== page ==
Google has long said it intends to make passwords obsolete, but before last week it wasn’t clear how the company planned to achieve that feat.
At Google I/O, the Mountain View-based company showed off two new initiatives aimed at helping make Internet users more safe and secure. The first was Smart Lock for Passwords, the company’s take on a password manager. The second, and more interesting of the two, was Project Vault.
Announced on the second day of Google I/O by the company’s Advance Technologies and Projects group, the same part of Google that showed off a radar-based gesture system, Project Vault is a secure computer that fits inside of a microSD slot.
Inside of that small package is an ARM processor, 4GB of storage, an NFC chip and antenna. It’s all held together by a real-time operating system (RTOS) that presents malicious users fewer opportunities to break into the device. Any operating system that interacts with Vault will see it as a generic file system, so almost any operating system, including Android, Windows, OS X and Linux, can take advantage of its encryption capabilities. This also means that developers don’t need to do a lot of additional work to make their app to work with Vault.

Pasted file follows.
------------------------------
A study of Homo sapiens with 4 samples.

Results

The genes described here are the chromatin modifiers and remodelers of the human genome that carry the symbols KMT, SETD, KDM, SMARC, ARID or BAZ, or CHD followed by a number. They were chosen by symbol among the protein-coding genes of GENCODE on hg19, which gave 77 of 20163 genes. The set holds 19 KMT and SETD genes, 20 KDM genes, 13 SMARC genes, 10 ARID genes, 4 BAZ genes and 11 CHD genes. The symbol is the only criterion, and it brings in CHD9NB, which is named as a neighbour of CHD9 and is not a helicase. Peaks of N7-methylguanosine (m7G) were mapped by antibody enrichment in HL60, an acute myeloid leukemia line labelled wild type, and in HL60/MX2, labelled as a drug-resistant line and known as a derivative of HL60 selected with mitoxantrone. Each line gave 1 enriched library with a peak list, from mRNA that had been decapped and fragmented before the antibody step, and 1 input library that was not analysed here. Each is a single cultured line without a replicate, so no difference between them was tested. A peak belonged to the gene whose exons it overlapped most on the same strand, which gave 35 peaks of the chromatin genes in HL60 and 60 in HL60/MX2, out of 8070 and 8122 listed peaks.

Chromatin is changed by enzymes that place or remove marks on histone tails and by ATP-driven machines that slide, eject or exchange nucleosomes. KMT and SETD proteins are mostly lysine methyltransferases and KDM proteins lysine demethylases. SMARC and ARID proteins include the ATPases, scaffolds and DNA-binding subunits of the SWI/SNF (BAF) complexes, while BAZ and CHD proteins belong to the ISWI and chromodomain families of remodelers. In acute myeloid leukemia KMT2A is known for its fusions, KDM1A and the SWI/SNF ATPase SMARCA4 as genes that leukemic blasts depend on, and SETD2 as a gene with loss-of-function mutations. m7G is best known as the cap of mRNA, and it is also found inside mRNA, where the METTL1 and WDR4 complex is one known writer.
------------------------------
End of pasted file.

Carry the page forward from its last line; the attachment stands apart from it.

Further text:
However, more than just being a minuscule computer, Vault is a new way to authenticate users without the use of a password. Vault tracks a person’s usage activity and typing patterns, as well as several other factors, to develop a so-called “Trust Score”. According to ATAP, this method of authenticating a user is 10 times more effective than a password.
ATAP has released an open source Vault development kit that developers can access on GitHub ahead of its official launch.